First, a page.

Circular Barplot

A circular barplot is a plot where each bar is displayed along a circle instead of a line. Here no Y scale is displayed since exact values are written on each bar which could also be represented on interaction with the chart. The chart is popular for its visual appeal however and needs to be used with caution since groups do not share the same Y-axis.

Quick details

What: Discover Proportion, Rank

Why: Circular representation for aesthetic appeal

History of Circular Barplot

Circular bar plots evolved out of bar charts as a substitute to represent data when required to make the visual data story look aesthetically pleasing. As humans are naturally drawn to circles and curves these charts became more popular however circular visuals also came in conflict with the effective communication of data. It tends to serve well when one’s goal is especially to present an attention-captivating chart and get an aggregate sense of the data.

A circular barplot which adds a second Y scale oriented on the other side: from inner radius to ~0



When to Use a Circular Barplot

1When the number of bars to be represented are large

Use a circular barplot when an obvious pattern pops out of a bar chart which has a large number of bars. This circular bar chart can become eye-catching in that case and make better use of the space than a long and usual barplot. However, since a circular barplot is based on a general bar chart it is essential to have a good understanding of how barplot works before making it circular.

A circular barplot is really eye-catching but makes it more difficult to read the differences between each bar size.


2When your stacked bar chart looks cluttered with bars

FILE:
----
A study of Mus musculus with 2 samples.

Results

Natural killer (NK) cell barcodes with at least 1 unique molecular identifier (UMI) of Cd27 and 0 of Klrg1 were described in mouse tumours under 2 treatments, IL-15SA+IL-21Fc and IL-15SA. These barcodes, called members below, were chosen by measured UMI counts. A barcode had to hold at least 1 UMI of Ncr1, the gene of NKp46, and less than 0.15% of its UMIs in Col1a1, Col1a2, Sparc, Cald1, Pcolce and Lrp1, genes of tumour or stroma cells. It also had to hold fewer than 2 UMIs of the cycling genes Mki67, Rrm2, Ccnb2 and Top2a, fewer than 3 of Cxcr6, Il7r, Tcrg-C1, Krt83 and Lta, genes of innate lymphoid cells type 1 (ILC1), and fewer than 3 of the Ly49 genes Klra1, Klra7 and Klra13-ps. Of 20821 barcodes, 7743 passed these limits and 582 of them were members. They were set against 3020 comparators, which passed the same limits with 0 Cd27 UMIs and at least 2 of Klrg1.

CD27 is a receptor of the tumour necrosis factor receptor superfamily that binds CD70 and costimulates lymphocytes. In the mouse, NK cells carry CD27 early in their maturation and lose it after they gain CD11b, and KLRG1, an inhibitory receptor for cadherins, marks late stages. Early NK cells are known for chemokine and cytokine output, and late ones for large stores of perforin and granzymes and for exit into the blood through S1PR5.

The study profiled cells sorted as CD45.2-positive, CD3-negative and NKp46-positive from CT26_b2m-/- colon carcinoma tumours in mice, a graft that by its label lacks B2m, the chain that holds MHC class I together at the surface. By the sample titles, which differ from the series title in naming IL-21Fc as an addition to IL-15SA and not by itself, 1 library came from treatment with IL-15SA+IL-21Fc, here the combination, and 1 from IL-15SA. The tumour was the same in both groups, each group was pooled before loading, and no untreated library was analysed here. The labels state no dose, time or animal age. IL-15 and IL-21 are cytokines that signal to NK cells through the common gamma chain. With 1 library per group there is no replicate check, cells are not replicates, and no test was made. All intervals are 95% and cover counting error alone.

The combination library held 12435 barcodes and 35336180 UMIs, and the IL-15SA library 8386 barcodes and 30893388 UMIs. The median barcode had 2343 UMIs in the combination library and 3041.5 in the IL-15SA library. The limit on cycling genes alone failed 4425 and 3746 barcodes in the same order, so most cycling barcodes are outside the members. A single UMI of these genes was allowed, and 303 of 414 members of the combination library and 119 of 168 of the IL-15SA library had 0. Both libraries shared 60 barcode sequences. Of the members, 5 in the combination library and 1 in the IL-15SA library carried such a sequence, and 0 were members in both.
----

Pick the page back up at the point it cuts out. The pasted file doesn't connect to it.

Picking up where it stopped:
Use a stacked circular bar chart when required to represent multiple categories, just as in a stacked bar chart except the fact that this stacked chart consists of a larger number of bars. In such a case, circular barplot can get even more interesting with a grouping variable as it becomes easy to compare groups and entities into each group. Also if the levels of your categoric variable have no obvious order, it is useful to order the bars following their values while representing in a circular plot.

Stacked Circular Barplot


3To visualize smaller number of bars in a visually appealing way

Use a radial layout barplot when there are a fewer number of bars and the chart needs to be used to add to visual appeal. This chart although is plotted using the polar coordinates however it may impede comparison, so consider them primarily to emphasize cyclical patterns. For Radial Bar Charts it is important to note that each bar on the outside gets relatively longer to the last, even if they represent the same value as each bar has to be at different radii, so each bar needs to be judged by its angle.

Radial Barplot based on polar coordinate system



Types of Circular Barplot

1. Stacked Circular Barplot

These charts are arranged from highest to lowest incidence.

2. Radial Barplots

A barplot plotted on a polar coordinate system, rather than on a cartesian one.

3. Double Circular Barplot

A chart where two numeric variables are available for each group of the dataset, and are facing each other on the chart. 


When Not to Use a Circular Barplot

1When knowing the exact value of the bar sizes is required

Do not use circular bar charts when exact bar sizes need to be known. The circular bars can be skewed in size if the proportion of the inner circle is not huge (>1/2). This can distort reality as the biggest of the bars can even look even bigger than they are.  

2If the bar plot does not have a clear emerging pattern

Do not use circular bar plots when you do not have many levels to display (> ~40) and nor a clear emerging pattern to represent. Also when there are several values per group, circular bar plots can fail to work even with error bars, as it hides information and other types of graphics like boxplot or violin can be more appropriate.

3When required to comparing the data intricately

Use a standard bar chart or lollipop plot when required to display the information more accurately. As our visual systems are better at interpreting straight lines, so the Cartesian bar chart is a better choice for comparing values than polar and radial coordinates.